In my experience as a divorce lawyer in Southern California, no issue in a divorce is more stressful or emotional than child custody. If you are facing a divorce and have minor children, you should know that the legal system encourages both parents to maintain frequent contact with their children and to share the responsibility for raising them.
Here are answers to some questions divorce clients frequently ask me about child custody.
How do parents get a court order resolving custody and visitation issues regarding their children?
If the parents are married, either parent must first file an action for a dissolution of marriage or domestic partnership, legal separation, or nullity. If the parents are not married, either parent must file an action to establish the parental relationship (a paternity case).
What is the difference between legal custody and physical custody?
Legal custody refers to the rights and responsibilities of parents to make decisions relating to the health, education, and welfare of their children. Physical custody refers to the amount of time the children spend with each parent, where the children live, and how their day-to-day needs will be met.
Both parents may have joint legal custody or one parent may have sole legal custody. Joint legal custody means that both parents share in the right and responsibility to make decisions relating to the health, education and welfare of the children. Sole legal custody means that one parent has the right and responsibility to make decisions relating to the health, education and welfare of the children.
Similarly, both parents may have joint physical custody or one parent may have sole physical custody. Joint physical custody means that the children spend a significant amount of time with each parent, but the time does not have to be equal. Sole physical custody means that the children live primarily with one parent and have visitation with the other. Visitation is the designated time for the children to spend with the non-custodial parent.
What is a parenting plan?
A parenting plan is a document that describes how parents will divide the responsibilities of caring for their children. The typical parenting plan will set forth the legal and physical custody arrangements and will include a schedule of when the children will spend time with each parent, including weekends, holidays, birthdays, and vacations. Some parents prefer a brief plan that gives them flexibility to deal with issues as they arise. Others parents need a more specific plan that spells out the children’s schedules and the parents’ responsibilities in great detail.
Can parents agree on a parenting plan?
Parents can agree on a parenting plan. Agreeing on a parenting plan has many benefits. The parents can avoid a contested custody case and all the expense, delay, anger, and stress to the children that often goes along with it. The parents can tailor the plan so that it fits their schedules and the needs of their children, rather than having a judge who doesn’t know the family decide what the plan will be.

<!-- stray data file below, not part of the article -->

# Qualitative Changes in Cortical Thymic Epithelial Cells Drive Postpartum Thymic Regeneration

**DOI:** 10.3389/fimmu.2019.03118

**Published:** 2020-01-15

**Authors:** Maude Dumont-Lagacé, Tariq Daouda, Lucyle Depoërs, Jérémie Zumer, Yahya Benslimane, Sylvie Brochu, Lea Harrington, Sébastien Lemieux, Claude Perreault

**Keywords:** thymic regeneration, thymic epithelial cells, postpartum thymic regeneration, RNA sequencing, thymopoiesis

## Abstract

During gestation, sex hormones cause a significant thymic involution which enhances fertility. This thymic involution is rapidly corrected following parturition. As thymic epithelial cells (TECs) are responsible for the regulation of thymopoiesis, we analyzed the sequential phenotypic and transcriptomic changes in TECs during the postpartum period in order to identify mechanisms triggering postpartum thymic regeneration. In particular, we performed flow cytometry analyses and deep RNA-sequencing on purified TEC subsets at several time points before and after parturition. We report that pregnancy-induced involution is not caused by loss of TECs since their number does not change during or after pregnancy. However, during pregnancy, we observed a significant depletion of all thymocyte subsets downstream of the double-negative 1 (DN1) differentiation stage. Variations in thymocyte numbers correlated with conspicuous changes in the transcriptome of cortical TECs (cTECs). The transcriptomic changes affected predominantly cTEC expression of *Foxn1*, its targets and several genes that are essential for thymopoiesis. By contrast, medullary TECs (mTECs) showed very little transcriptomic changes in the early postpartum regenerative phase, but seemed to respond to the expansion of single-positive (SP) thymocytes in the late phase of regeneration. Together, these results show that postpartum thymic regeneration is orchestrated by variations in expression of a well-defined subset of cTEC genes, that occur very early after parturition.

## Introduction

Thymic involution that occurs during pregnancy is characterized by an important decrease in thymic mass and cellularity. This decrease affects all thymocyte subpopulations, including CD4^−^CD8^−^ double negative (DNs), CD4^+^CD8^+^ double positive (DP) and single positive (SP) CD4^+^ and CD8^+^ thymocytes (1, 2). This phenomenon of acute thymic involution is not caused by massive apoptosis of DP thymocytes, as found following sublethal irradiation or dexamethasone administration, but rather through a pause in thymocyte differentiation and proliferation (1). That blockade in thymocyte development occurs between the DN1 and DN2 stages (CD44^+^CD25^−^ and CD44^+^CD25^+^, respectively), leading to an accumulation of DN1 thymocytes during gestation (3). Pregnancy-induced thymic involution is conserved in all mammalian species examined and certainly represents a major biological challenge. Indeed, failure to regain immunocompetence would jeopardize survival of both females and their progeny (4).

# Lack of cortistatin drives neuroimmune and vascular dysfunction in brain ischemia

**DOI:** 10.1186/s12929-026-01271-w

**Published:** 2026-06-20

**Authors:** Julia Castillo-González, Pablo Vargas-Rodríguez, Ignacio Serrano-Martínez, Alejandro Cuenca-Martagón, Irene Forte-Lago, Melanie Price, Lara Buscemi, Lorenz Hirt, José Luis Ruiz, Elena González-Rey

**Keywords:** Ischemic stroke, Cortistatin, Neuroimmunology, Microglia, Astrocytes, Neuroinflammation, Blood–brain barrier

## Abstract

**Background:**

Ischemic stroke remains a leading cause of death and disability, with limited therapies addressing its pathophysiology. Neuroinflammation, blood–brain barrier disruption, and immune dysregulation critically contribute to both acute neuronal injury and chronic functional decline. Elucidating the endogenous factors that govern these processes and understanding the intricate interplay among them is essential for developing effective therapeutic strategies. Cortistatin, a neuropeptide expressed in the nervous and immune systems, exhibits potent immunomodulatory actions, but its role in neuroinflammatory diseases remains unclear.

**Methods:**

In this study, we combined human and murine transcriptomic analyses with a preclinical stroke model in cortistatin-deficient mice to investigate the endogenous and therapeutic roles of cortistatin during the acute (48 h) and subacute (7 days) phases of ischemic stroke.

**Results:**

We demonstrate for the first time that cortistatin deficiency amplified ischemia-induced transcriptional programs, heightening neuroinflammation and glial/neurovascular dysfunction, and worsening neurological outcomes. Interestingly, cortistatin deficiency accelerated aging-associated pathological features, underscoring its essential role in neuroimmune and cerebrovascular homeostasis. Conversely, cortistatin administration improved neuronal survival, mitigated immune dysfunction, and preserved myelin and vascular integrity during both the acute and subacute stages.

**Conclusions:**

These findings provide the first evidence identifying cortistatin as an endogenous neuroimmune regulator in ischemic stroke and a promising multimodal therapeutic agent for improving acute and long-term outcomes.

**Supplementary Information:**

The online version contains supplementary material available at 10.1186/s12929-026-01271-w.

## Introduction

The plan will need to be approved by the judge, but the judge will usually approve a plan that both parents agree to. After the judge approves the plan, it is signed by both parents and the judge and filed with the court. It then becomes a court order.
What happens if parents cannot agree on a parenting plan?
If parents are unable on their own to agree on a parenting plan, a number of options are available.
Family Court Services (FCS) provides free mediation to help separating or divorcing parents reach an agreement. Mediation is provided by a court counselor in a private conference. Family Court Services assists families in the settlement of domestic controversies involving the welfare of children when an action is pending in Family Court. The FCS mediator will encourage both parents to cooperate and share the rights and responsibilities of parenting and try to help the parents develop a plan in which the children have frequent and continuing contact with both parents.
Other options to help parents reach an agreement on a parenting plan include:
- Face-to-face negotiations between the parents and their attorneys.
- Hiring a private mediator.
- Working with lawyers and a child specialist in a collaborative divorce process.
If these options are unsuccessful, the judge will decide what your parenting plan will be after a trial.
Your Next Step: Contact a divorce lawyer
This information is provided for general educational purposes only. It is not intended as specific legal advice for any particular case. For more specific information, please call me at (805) 777-7740 for a consultation. I am deeply committed to helping clients find constructive ways to resolve custody and other conflicts that arise in the course of divorce. At Zonder Family Law, my staff and I offer each client personalized service and attention.